Food & Drink

10 Ways Supermarkets Trick You Into Buying Stuff You Don't Need

 Anthony Humphreys/Thrillist

Your grocery store isn't conspiring against you, but like any business they want to maximize profits, by analyzing how you shop and what you buy, then magnifying the crap out of those tendencies. Prepare yourself, because you're about to find out that everything you think you know about impulse buying and baguette packaging is completely wrong. 

They control your brain with music
Wikimedia Commons 

1. They play music to control your brain

According to the British Food Journal (1999), shopping centers typically play slow-tempo tunes, which makes you sluggishly linger in the store and buy significantly more. And, for whatever reason, classical music makes you spend more. Probably because it makes you feel fancy. 

Watch for watery goods
Moving Moment/Shuttershock

2. They drench veggies to charge you more

In addition to making the fruits and veg look fresher to death-er than they actually are, the excess water can add weight to your purchase, particularly if you’re buying something leafy. Also, all that watering can also make your produce rot right quick (which means you’ve gotta buy more). To avoid this, shake off your romaine and store it in dry plastic. 

Don't believe the signs
Wikimedia Commons 

3. When they say "buy one, get one free" they may not really mean it

You may just be able to get one for half off. But because grocery stores need to move inventory just like any other store, they want you to take two off their hands (and give them more money in the process).

4. They tell you samples are "free" but they're really not

They have a social cost. We’re social animals, hardwired to act cooperatively. So when someone does something for you -- like gives you food -- you’re inclined to feel like you owe him or her something in return. In these situations, you’re more likely to buy because you feel compelled to return the favor of a “free" sample. 

Watch the big carts

5. They keep making shopping carts bigger for a reason

According to grocery store marketing consultant Martin Lindstrom, when he doubled the size of shopping carts for a study, customers bought 19% more stuff. It's no coincidence you can fit a small house in modern carts.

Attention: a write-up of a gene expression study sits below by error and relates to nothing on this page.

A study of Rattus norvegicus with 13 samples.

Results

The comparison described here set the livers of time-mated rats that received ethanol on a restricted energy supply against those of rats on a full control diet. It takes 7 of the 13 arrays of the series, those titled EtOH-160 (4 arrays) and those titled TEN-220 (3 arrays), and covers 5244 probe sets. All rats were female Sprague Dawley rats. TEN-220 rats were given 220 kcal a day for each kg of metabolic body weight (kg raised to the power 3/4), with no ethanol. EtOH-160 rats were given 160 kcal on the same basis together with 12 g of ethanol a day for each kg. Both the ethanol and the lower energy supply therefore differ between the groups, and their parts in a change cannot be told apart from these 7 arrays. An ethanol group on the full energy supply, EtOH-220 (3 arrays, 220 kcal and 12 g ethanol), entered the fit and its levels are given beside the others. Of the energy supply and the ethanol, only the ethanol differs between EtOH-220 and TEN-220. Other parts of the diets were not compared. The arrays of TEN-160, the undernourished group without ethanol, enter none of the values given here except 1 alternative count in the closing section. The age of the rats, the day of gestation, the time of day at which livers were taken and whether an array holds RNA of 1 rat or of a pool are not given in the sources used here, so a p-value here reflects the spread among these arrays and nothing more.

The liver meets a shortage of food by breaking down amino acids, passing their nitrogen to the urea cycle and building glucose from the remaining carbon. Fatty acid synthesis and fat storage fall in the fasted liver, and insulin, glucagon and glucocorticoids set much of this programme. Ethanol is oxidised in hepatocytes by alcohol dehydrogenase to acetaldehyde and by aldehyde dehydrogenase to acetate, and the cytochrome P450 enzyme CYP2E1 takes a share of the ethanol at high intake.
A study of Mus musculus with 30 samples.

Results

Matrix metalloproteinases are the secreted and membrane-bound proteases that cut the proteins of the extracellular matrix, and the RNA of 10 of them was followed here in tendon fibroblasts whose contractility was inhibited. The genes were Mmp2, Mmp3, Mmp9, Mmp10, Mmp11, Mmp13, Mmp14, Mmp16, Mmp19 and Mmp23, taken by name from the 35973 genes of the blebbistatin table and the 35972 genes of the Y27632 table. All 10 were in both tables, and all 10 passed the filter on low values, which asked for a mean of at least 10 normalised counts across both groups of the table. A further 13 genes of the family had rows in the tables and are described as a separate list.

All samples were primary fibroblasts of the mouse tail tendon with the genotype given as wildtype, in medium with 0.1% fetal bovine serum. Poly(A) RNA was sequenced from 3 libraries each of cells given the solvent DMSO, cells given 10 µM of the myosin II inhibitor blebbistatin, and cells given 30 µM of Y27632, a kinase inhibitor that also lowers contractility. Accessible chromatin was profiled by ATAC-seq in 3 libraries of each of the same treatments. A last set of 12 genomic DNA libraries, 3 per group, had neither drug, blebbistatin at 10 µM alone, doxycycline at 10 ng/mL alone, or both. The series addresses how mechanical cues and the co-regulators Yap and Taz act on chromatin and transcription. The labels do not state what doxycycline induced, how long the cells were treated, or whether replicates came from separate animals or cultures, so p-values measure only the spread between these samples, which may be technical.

6. They design the floor to slow you down so you can buy more

As you push your cart along, the click-click-click sound of wheels on those carefully designed tiles creates the illusion of moving fast, which makes you want to slow down (remember those carefully chosen tunes?). Moving down an aisle more slowly, you’re more likely to notice (and possibly buy) products.  

Don't get bread bamboozled

7. They want your food to go stale faster

While bread in a paper bag makes you look super chill coming home on your Vespa, it leads to your baguette going bad much faster... meaning you have to buy more sooner. Just like the veggies, put your bread in an airtight plastic bag when you get home to prevent this. 

Look at all dem veggies
Corepics VOF/Shutterstock

8. They try to confuse you with the worst thing in the universe, math

Why the hell is loose fruit priced by the kilogram? How much is a kilogram, anyway? Unless you’re a vegetarian drug dealer, you probably can’t eyeball it. But if you are a vegetarian drug dealer, we should hang out. 

Steve Rhodes/Flickr

9. You think impulse buys are at checkout, but it's aisle two they've set you up for

According to Dr. Brian Wasink, professor at Cornell’s Food & Brand Lab, grocery stores know that, in aisle two when your cart is still empty, you’re more likely to try new things. He calls this the vacuum effect. So, while there are impulse buys loaded near the register, the real adventurous buying tends to happen earlier.

10. They put expensive stuff right at eye-level

Dr. Wasink recently did a study in the Atlanta and DC metro areas that suggested near 60% of purchases happened within 12 inches of eye level. That said, most of the cheapest options are on the bottom shelf. So, in the words of Lil’ Jon, “get low.”